Battle for UP: Owaisi brings hijab row to UP polls

The AIMIM chief added, "I salute the women of Karnataka. I tweeted about how a burqa-clad woman walked into a saffron crowd and chanted 'Allah Hu Akbar'. This is the courage every Muslim should have"

AIMIM chief Owaisi
AIMIM chief Owaisi

AIMIM chief Asaduddin Owaisi has brought the 'hijab' row to Uttar Pradesh elections.

"The BJP government is not allowing our daughters to wear a hijab and study but Prime Minister Narendra Modi talks about empowering Muslim women with the triple talaq law. Is this his 'Beti Bachao, Beti Padhao' campaign pitch?" asked Owaisi while campaigning in Sambhal on Tuesday.

Owaisi was referring to the controversy that began in January this year at a government college in Karnataka's Udupi when six girls wearing headscarves were asked to leave campus.

On Tuesday, protests took a violent turn. The matter has spread to other parts of the state as well.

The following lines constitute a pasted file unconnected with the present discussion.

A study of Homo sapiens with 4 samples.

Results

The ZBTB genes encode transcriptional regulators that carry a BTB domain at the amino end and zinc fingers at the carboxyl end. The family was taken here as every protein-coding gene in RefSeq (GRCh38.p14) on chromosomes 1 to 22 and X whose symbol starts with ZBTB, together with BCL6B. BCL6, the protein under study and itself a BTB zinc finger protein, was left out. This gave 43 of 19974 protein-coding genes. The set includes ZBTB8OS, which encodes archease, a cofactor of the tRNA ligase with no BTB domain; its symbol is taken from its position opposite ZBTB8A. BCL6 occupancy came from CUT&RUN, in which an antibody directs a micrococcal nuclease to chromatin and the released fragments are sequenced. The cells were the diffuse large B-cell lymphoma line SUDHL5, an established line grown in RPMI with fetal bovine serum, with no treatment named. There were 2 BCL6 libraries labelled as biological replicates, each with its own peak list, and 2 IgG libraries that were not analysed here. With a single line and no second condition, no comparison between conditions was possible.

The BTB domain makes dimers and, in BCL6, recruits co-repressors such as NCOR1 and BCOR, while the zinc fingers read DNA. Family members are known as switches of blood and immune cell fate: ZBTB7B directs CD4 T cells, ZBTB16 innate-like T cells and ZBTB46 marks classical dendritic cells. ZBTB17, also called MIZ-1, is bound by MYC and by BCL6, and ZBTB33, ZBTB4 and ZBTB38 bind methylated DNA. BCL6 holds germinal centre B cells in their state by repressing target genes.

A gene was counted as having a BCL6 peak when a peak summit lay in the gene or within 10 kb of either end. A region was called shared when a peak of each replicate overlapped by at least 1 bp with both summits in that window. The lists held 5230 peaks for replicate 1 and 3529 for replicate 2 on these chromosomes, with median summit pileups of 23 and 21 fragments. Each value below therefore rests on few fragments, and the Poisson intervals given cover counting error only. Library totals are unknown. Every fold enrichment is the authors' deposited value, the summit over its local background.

Owaisi said: "The Prime Minister spoke twice in Parliament but never mentioned the situation in Karnataka. National data shows that many Muslim girls between three to 25 years of age have never been to school. This is what the Prime Minister is doing to those who are trying to get educated. Isn't it a joke?"

He further said: "It is evening now and you wait, within minutes, all television channels will start showing how Muslim women are being suppressed in the name of hijab. Why are you in love with our women? What I wear, what my daughter wears, or what my wife wears -- it is none of your business. I won't mind if you don't wear anything at all."


The AIMIM chief added, "I salute the women of Karnataka. I tweeted about how a burqa-clad woman walked into a saffron crowd and chanted 'Allah Hu Akbar'. This is the courage every Muslim should have."

Owaisi claimed that the incidents in Karnataka were a 'grave violation' of the Constitution.

"This time, don't vote for a king. Vote for development. Vote for AIMIM as this is the only party that does not treat you like a commodity to be remembered only during polls," he added.